It's also a guiding principle that you can practice individually. There are best sellers aimed at helping you figure out how to do it ("The Life-Changing Magic of Tidying Up") and retail stores to sell you stuff to make it happen (The Container Store). There are products to help you organize your desk, your closet, even your handbag. And then there are tips, more than you can count. Buzzfeed offers "52 Meticulous Organizing Tips To Rein In The Chaos," Entrepreneur has "10 Simple Productivity Tips for Organizing Your Work Life," while Style at Home has "99 Low-Cost Organizing Tips." With all that you actually need a way to organize the ways to organize.
As for me, I try to keep most things in their place. Not everything: my dresser is a mess and so is the garage. But you never know when you need to be able to find the instructions that came with the microwave, or the American Express bill from December, or the checking account statement from last May. And so I had file folders for everything: receipts, taxes, insurance. I had a box for maps and one for manuals. And I had place to put bank statements, one to put retirement account statements and one for credit card statements.
And I just loaded all of it into the car, and took it to the recycling and shredding center.
That's because that was then. And while it might have made some sense whenever "then" was, "now" it really doesn't. Anything and everything is available digitally. True, it's an acquired skill to know exactly what to type into the search field. But once you get the hang of it, it's like having a master key to the kingdom, with access to everything in the known and even unknown universe. And in that light, the best organization might be no organization.
Or at least that's the conclusion to which I came. You see, even in this electronic world I can't break old habits. And so I set up electronic folders and organize computer drives into projects and interests and needs. In some cases it's by date, other times by type of file. I have groups of photos I took last year, or tax info from the year before that. And yes, if for some reason I want to take a trip down memory lane, and relive those great restaurant receipts from June of 2014, I know just where to look.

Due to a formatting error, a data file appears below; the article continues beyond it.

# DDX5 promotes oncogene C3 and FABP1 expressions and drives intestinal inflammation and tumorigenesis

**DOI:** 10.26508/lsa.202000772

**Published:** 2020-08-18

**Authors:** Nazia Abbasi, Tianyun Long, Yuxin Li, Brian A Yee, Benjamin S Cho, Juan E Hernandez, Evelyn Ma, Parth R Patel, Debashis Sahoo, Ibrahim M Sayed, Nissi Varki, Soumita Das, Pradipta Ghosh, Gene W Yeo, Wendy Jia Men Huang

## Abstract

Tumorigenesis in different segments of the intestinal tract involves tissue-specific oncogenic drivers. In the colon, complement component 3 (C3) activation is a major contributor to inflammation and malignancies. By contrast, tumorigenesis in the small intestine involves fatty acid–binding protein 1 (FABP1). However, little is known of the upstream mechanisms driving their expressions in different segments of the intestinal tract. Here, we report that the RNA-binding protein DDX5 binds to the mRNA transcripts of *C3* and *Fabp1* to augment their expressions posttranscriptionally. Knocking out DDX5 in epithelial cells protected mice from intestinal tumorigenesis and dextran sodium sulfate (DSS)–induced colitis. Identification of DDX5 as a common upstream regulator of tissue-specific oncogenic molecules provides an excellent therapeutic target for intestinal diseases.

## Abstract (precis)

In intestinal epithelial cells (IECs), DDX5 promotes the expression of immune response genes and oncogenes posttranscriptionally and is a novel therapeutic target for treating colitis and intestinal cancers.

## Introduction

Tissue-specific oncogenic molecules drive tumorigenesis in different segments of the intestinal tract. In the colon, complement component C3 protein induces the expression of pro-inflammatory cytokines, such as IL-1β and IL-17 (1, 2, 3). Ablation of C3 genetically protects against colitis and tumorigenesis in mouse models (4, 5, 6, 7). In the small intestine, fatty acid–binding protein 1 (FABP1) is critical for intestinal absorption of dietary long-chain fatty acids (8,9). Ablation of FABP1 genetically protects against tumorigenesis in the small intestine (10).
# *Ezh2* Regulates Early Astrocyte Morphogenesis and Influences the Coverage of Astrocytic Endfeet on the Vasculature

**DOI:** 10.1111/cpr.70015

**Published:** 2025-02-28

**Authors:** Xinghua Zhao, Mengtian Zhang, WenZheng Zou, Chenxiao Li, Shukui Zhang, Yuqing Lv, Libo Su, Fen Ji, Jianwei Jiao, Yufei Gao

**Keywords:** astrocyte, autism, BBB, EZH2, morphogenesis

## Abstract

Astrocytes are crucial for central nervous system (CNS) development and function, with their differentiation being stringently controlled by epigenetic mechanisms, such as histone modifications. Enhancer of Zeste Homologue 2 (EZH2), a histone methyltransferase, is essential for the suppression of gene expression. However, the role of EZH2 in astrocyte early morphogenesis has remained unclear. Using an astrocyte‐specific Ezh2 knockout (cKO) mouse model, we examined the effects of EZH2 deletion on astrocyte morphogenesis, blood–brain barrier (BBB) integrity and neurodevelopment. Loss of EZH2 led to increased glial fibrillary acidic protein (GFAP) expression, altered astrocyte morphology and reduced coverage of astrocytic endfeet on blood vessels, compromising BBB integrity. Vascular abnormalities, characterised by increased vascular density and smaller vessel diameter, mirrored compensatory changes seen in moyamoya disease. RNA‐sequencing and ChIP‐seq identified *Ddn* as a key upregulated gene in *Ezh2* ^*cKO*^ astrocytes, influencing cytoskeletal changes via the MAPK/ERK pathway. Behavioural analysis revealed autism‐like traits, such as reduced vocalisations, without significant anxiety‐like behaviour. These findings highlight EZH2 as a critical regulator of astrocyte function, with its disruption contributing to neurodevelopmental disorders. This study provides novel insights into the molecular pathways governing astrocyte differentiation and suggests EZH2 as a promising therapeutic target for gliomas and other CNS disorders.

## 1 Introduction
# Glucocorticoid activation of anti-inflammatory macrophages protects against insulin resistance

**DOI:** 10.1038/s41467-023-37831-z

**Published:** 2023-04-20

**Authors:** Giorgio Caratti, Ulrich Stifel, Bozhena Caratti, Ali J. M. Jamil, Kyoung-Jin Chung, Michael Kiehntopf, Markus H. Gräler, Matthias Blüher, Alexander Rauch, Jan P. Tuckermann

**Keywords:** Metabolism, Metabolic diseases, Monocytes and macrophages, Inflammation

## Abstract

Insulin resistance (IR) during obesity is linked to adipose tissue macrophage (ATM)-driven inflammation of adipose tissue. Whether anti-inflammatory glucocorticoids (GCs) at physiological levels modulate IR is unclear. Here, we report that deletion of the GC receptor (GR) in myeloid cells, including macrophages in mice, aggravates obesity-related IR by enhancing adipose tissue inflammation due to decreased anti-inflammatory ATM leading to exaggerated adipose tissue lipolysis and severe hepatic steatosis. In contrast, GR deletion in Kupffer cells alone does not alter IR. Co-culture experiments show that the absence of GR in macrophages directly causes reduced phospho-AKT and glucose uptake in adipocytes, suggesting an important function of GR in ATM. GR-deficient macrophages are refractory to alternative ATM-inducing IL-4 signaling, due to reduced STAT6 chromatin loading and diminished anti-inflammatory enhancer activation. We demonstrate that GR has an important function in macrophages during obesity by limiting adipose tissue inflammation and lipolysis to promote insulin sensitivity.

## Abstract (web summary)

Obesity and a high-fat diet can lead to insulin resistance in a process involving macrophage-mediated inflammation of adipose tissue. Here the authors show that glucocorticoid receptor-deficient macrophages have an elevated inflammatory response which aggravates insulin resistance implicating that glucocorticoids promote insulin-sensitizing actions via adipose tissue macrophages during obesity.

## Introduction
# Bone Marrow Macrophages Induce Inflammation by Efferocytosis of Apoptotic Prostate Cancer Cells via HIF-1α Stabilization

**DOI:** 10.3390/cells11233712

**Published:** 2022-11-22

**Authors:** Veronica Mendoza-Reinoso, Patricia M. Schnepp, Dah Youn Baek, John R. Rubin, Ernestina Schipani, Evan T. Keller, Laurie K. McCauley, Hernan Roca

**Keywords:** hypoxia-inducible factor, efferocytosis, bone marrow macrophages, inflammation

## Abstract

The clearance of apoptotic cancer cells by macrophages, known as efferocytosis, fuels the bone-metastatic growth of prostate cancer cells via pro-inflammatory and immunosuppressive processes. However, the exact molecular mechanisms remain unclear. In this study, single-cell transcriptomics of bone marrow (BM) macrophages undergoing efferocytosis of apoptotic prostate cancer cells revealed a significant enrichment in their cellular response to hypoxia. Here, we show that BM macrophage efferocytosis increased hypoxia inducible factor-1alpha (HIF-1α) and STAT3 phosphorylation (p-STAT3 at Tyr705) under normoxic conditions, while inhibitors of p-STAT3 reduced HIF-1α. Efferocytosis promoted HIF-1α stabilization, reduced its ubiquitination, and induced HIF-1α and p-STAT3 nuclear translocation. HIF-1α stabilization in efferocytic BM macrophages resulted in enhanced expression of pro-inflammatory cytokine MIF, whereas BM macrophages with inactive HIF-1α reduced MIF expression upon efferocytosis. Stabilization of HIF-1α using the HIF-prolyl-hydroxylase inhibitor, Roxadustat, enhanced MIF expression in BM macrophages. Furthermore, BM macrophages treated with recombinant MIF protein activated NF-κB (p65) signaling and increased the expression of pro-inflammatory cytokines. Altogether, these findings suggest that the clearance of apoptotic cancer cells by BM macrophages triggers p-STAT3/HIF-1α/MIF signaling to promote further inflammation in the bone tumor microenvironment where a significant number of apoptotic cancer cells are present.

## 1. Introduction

More likely, though, I want to find one. Or more specially, I want to recall a restaurant at which we ate. Or know the type of filter I bought for our well, or find the note from my old high school buddy. And it turns out that all that organization is not only unnecessary, but actually a hindrance. With the ability to search the haystack, all I have to do is type in a few words describing a particular needle, and up it pops.
It's even starting to happen proactively. When a friend sent us a note with the address of a restaurant, my computer quickly informed we had been there two years ago. It reminded me of the directions, updated the hours and told me what we paid last time. All I was left with was to remember not to order the baked clam appetizer. Too much breading.
That's what computers do best, and so we're better off letting them do it. Whether on a keyboard, a pad or a phone, all it takes is a few taps to dig through piles that would take humans years to tunnel through. Google's says its mission is "to organize the world's information and make it universally accessible and useful." A minor quibble: they actually catalog it more than organize it, but the effect is the same. But they do make it accessible. I'll leave it to you to decide the usefulness of being able to easily retrieve a list of the "Top Five Crimes Committed by Squirrels."
Marc Wollin of Bedford is cleaning out his office. His column appears regularly in The Record-Review, The Scarsdale Inquirer and online at http://www.glancingaskance.blogspot.com/, as well as via Facebook, LinkedIn and Twitter.